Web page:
Not Ratifying the 24th Amendment & Being Named in The Voting Rights Act- These Two Things Seem To Go Together
by Courtney C Horne @FireezDragon
The 24th Amendment to the US Constitution prohibits poll taxes- which had been easy way to disenfranchise poor and especially minority voters. It met it’s ratification requirement of 38 states in 1964.
Four States ratified later on: Virginia in 1977, North Carolina in 1989, Alabama in 2002, and Texas in 2009.
Mississippi voted specifically to reject the amendment in 1962.
Arizona, Arkansas, Georgia, Louisiana, Mississippi, Oklahoma, South Carolina, and Wyoming have all still not ratified the amendment.
Looking at the voting rights act, which is now facing a supreme court challenge, it seems that most of the states heavily effected by pre-clearance requirements (ones where either the whole state or a huge amount of the counties) are also states that either ratified the 24th late, rejected it entirely or still haven’t ratified it.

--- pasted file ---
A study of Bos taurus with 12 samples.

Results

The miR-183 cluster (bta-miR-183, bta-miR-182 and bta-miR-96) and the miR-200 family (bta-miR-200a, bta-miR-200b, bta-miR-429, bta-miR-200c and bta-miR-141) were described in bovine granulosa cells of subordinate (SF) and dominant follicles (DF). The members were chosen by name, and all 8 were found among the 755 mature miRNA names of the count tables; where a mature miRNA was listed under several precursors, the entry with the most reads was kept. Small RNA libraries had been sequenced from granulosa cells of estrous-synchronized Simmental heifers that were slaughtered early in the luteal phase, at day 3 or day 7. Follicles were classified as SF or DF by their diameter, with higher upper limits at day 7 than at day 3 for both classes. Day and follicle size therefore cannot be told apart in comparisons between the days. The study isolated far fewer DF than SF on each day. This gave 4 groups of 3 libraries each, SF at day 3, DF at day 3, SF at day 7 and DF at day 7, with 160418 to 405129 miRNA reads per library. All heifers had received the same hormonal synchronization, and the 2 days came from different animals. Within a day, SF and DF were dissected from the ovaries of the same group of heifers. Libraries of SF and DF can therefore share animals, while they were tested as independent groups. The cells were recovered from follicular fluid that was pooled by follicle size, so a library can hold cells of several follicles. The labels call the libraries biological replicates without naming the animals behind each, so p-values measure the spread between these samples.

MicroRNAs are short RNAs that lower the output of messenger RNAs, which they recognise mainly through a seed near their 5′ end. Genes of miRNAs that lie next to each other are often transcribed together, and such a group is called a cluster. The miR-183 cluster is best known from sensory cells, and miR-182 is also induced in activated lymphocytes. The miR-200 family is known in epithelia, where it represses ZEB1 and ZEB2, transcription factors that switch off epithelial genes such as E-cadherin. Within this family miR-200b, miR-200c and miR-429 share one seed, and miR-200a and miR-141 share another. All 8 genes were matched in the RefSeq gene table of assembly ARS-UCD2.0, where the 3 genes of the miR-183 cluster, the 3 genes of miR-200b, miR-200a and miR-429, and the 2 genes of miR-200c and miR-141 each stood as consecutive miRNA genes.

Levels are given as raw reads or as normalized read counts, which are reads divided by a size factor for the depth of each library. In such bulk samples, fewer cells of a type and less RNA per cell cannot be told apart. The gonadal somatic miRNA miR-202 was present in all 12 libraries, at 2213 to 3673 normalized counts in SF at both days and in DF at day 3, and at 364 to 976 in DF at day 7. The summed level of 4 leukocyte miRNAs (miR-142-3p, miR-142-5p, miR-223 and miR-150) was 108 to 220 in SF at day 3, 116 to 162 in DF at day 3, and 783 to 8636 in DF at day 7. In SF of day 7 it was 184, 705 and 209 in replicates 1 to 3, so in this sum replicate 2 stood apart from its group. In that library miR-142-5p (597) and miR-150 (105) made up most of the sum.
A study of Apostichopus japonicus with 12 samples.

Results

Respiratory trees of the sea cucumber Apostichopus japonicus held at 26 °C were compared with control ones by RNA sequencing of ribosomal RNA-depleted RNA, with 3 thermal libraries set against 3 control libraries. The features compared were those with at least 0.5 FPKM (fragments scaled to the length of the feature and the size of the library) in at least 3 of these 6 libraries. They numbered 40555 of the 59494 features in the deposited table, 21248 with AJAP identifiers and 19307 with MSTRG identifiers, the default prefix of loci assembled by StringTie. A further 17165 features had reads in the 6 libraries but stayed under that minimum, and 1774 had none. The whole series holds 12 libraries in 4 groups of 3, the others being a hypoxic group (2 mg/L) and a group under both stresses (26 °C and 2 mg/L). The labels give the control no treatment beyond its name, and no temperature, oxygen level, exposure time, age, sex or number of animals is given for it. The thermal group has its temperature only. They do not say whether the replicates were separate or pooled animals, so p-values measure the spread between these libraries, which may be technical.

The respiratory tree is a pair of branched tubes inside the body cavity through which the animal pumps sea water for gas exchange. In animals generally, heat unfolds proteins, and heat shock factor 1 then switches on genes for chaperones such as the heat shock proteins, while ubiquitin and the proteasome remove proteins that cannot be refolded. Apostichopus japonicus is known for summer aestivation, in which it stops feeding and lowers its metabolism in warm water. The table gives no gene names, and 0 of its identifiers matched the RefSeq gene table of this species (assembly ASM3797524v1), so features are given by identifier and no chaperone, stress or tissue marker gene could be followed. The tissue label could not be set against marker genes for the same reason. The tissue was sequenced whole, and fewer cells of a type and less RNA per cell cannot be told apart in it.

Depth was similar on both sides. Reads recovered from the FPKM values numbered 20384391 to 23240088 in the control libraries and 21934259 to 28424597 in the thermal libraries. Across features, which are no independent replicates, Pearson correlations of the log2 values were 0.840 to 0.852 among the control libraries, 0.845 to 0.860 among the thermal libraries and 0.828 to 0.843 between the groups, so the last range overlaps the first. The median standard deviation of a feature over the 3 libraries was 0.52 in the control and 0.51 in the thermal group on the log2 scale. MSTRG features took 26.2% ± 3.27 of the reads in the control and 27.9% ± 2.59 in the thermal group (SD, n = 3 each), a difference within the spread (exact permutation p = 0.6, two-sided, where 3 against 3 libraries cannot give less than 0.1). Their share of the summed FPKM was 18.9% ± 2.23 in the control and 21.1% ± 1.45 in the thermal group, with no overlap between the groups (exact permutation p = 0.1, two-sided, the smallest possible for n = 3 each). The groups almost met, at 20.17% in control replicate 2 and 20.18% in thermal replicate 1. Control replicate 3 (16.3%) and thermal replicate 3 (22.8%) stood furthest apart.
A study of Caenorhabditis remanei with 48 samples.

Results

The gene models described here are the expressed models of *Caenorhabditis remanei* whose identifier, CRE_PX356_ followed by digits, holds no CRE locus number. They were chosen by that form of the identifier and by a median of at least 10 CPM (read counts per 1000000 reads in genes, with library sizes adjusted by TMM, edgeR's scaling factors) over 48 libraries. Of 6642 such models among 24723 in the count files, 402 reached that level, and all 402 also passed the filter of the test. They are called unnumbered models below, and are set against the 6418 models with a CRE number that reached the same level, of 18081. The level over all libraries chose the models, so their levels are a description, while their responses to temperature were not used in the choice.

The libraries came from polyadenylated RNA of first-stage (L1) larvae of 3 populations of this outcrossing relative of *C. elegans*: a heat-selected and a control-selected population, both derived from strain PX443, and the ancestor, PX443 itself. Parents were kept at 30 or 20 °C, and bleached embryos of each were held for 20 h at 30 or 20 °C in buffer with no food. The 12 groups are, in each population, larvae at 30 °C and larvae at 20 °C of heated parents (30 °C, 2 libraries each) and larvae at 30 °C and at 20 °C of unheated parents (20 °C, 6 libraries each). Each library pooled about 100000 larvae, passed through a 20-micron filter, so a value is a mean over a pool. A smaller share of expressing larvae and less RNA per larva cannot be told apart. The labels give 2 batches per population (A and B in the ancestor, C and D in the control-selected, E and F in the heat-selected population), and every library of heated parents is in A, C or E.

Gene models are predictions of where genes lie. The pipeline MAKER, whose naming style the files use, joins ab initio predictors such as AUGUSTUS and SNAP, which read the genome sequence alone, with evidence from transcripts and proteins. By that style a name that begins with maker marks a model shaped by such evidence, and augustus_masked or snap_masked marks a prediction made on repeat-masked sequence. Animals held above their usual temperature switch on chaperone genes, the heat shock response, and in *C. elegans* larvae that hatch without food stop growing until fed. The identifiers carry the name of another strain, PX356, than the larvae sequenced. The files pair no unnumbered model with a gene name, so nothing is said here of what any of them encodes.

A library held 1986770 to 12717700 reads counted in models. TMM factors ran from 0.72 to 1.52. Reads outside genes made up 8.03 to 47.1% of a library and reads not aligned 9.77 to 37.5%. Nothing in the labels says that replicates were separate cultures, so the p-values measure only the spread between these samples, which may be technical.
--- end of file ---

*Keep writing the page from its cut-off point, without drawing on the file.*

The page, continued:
Can we really believe that Mississippi rejected getting rid of poll taxes, never took any action to change that, and yet has no tendency to engage in behavior that disenfranchises voters?
If states want to claim they have changed their disenfranchising ways, maybe they could start by all ratifying the 24th amendment.
Or they could try their hand with a court where one of the justices had the gall to call the voting rights act a racial entitlement.
My preference? I think that all the states should have to seek approval for major changes to the way they conduct voting, not just the ones on the voting right act’s list. States that aren’t on the pre-approval list have been illustrating how good they are at disenfranchising the poor.